Russian Piano Tradition - Yakov Flier
Piano Sonata No. 2 in B-flat minor, Op. 35 "Funeral
March" (1839) [23:35] Sergei RACHMANINOFF (1873-1943)
Prelude in C sharp minor Op.3 No.2 [4:11]
Prelude in G minor Op.23 No.5 [3:40] Dmitri KABALEVSKY (1904-1987)
Twenty-Four Preludes Op.38 (1943-44) [42:39]
rec. Moscow 1952-c.1956 APR 5665 [74:50]
APR’s excellent series devoted to
the Russian Piano Tradition continues
apace with this Yakov Flier release.
It’s subsumed into the Igumnov
School – the pianist whose own
single disc I so warmly welcomed recently
– of which Flier was so eminent an
alumnus. Flier discs aren’t exactly
plentiful at the moment – perhaps
his collaboration with Shafran in
the Rachmaninoff Cello Sonata is one
of his most widely appreciated and
popular discs – so this makes the
restoration of these performances
all the more valuable.
His Chopin is a highly idiosyncratic affair with regard to
tempos. The traversal must encapsulate something of the impression
he left on his many students - Pletnev, Rudy and Postnikova
among them – even as it must puzzle those unused to so teeming,
seething and superficially uncohesive a performance. The
way he slows down for the trio of the second movement is
remarkable and unsettling, though in compensation one should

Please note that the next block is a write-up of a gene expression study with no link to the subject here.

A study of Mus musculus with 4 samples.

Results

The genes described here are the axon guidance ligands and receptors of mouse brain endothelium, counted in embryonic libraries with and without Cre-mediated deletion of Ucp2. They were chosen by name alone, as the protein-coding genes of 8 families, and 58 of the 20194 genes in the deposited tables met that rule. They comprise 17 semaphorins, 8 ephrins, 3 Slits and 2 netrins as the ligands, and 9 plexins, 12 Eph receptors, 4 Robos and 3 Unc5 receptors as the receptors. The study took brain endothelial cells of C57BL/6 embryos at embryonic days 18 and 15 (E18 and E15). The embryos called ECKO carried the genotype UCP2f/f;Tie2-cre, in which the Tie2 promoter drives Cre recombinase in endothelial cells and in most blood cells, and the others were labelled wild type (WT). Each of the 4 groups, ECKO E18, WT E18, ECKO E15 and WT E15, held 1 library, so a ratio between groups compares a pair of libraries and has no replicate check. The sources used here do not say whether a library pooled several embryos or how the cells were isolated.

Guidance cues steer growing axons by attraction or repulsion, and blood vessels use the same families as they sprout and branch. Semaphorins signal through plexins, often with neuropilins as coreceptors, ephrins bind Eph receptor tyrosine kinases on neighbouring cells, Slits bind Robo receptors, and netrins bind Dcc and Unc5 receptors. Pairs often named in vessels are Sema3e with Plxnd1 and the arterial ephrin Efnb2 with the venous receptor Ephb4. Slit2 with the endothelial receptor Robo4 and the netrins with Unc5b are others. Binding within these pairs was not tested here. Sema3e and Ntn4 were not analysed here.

note the very poetic phrasing and the tonal distinction he
at all times brings to bear, He abjures too outsize a funeral
march; the central panel is, once again, a character study
in the landscapist’s art, though as a whole the performance
is really quite slow and measured.
His native repertoire does however show him on rather more
conventional ground. His two Rachmaninoff Preludes have plenty
of grandeur and excitement without breaking any stylistic
bounds. But the prize here, obviously, is the Kabalevsky.
The Preludes, written in wartime, received this premiere
recording about a decade later and it bears the stamp of
so many such first recordings – lithe, powerful, directional
and getting to the heart of things. Here he is really at
his very best. The third Prelude is brilliantly articulated
and the propulsive clarity of the Sixth shows Flier retaining,
even at speed, tonal eloquence. If you’re not convinced try
the jaunty assurance of the Ninth – an Allegretto scherzando that’s
characterised so richly that its sixty-four seconds rush
by all too soon. And if that fails to grab you then surely
the Mussorgskian glare of the Tenth will have you enthralled.
Flier is simply scintillating in the Fourteenth – and well
he might be given the marking; Prestissimo possible.
But Kabalevsky also requires nobility and that’s what Flier
serves up in the Eighteenth.
Once again Bryan Crimp’s notes are first class and the transfers
deal as well as can be expected with the Moscow-recorded
originals, never the easiest of things to clarify at the
best of times. Flier’s Rachmaninoff is exciting, his Chopin
sometimes wilful, but his Kabalevsky tremendous.